Appearances can be deceiving.
Don’t judge a book by its cover.
You’ve heard the quotes above before. We’re taught: it’s what’s on the inside that counts. Unfortunately, not all of us live by that last one. We make snap judgments before we to full picture. Phew! That’s a lot of commonly used expressions jammed into one introduction!
These judgments even target the most innocent of creatures: puppies! How is it we can make these harsh verdicts about precious little puppers with pink noses and spotted fur? We base our pet adoption decisions on the stereotypes we’ve heard. Pit Bulls are supposedly vicious; Dachshunds are ankle biters. Sure, in some instances there has been an ankle biter of the wiener dog, but haven’t we all had our “ruff” days?
And more to the point, there are no bad dogs, only bad owners!
With that in mind, let’s take a look at three dog breeds that have proven their stereotypes wrong!
The Pit Bull
Stereotype: Aggressive, Vicious
The Pit Bull sadly has long been classified as an aggressive and vicious breed because of the cruelty of humans. Associated with dog fighting, people assume that given the chance, a Pit Bull will attack and kill another dog.
Pit Bull Rescue Central (PBRC) has worked to educate the general public on the true demeanor of the Pit Bull: a loving and sweet companion animal! PBRC tells would-be Pit Bull owners that Pit Bulls “have been bred for general human companionship…[From] the very beginning, Pit Bulls have been used as farm dogs, family dogs, military mascots and all-purpose companions. In England, the [Pit Bull] is affectionately known as ‘The Nanny Dog’ or ‘The Children’s Nursemaid’ because of their placid and nurturing demeanor toward children.”
Pit Bulls have been treated unfairly, but you can help. Adopt a Pit Bull and show the world what excellent canine companions they are when you’re at the dog park in matching dog jerseys displaying your favorite sports team’s logo!
Stereotype: Aggressive, Unintelligent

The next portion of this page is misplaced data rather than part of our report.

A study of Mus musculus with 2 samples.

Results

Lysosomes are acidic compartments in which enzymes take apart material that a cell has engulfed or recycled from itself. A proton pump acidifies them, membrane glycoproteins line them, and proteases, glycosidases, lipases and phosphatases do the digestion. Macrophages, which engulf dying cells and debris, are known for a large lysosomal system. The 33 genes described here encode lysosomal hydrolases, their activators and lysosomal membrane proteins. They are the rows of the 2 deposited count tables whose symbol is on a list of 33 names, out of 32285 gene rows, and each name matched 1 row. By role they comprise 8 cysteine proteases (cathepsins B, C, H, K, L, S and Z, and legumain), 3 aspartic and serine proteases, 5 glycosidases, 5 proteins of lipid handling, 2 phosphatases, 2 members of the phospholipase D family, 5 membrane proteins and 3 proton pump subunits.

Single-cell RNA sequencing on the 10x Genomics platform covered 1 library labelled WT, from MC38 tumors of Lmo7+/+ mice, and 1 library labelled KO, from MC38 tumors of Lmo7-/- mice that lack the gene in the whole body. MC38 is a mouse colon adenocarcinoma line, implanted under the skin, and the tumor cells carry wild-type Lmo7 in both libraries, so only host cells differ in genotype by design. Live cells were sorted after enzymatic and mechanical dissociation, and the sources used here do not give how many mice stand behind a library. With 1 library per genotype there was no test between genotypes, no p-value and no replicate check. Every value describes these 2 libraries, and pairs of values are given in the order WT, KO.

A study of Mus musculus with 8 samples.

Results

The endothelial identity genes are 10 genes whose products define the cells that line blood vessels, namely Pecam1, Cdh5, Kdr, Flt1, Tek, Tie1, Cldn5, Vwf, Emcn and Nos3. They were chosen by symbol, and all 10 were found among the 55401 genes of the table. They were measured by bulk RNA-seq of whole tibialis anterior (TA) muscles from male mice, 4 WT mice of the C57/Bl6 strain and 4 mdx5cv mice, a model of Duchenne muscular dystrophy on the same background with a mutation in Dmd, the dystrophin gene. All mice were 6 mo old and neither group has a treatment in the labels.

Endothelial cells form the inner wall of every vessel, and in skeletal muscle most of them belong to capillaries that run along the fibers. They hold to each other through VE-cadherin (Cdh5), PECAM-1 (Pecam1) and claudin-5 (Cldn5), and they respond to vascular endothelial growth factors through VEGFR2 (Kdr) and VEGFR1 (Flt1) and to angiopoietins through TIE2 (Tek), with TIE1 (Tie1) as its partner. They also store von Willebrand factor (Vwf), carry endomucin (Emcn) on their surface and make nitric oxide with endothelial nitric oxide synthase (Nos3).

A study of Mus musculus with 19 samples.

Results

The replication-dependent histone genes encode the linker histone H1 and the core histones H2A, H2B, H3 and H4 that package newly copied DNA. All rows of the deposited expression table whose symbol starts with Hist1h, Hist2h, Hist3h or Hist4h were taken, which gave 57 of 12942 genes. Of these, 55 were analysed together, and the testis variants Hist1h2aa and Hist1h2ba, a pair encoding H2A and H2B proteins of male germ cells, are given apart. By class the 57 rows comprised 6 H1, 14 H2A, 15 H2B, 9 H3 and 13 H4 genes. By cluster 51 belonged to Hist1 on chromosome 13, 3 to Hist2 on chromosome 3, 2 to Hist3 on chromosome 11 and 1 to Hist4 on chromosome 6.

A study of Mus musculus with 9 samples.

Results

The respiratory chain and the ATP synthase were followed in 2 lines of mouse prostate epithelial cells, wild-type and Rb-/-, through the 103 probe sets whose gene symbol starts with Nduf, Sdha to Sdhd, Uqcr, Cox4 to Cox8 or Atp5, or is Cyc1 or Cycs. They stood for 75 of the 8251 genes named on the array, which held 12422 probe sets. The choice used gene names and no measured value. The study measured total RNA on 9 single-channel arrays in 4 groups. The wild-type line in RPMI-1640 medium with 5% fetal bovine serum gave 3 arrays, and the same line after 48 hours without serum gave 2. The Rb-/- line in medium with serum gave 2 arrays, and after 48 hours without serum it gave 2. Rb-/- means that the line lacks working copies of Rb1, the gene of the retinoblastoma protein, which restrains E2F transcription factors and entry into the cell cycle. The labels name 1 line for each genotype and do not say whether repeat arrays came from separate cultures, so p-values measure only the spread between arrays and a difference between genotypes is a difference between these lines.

Like Pit Bulls, Rottweilers have commonly been associated with aggression and hostility. Because the breed is often used in the guardianship capacity, it’s thought that’s all they’re good for. Rottweilers were bred to be working dogs. “Known to be a descendant of Roman drover dogs who helped herd cattle when the Romans invaded Europe,” Rottweilers are working dogs.
The breed is loyal and protective of their handlers but are equally social and friendly with other dogs and people. All the Rottweiler wants is an owner who will give them a belly rub at the end of the day. Isn’t that what we all want: just a little recognition for doing a good job?
Stereotype: Fussy, Delicate
How many times have you made a judgment about something that ended up being completely wrong? Don’t beat yourself up too much over it; we’ve all done it. When we don’t know better, we make judgments based on other experiences we’ve had. It’s once you learn about what’s really going on that you need to do and be better. This applies to dog ownership too.
When comparing breeds, you’ve likely come upon webpages dedicated to the poodle—not all of them positive. Often portrayed as well-manicured and coiffed, the poodle is immediately likened to a dandy. Remember: the poodle has no say in how their fur is cut, it’s their owner who makes the appointments with the dog groomer.
Bred to be a show dog, poodles generally prefer quiet and peaceful surroundings. Intelligent and hardworking, the poodle works well in a highly-structured environment.
Looking to grow your family by one canine? Don’t judge by the breed, look into your heart!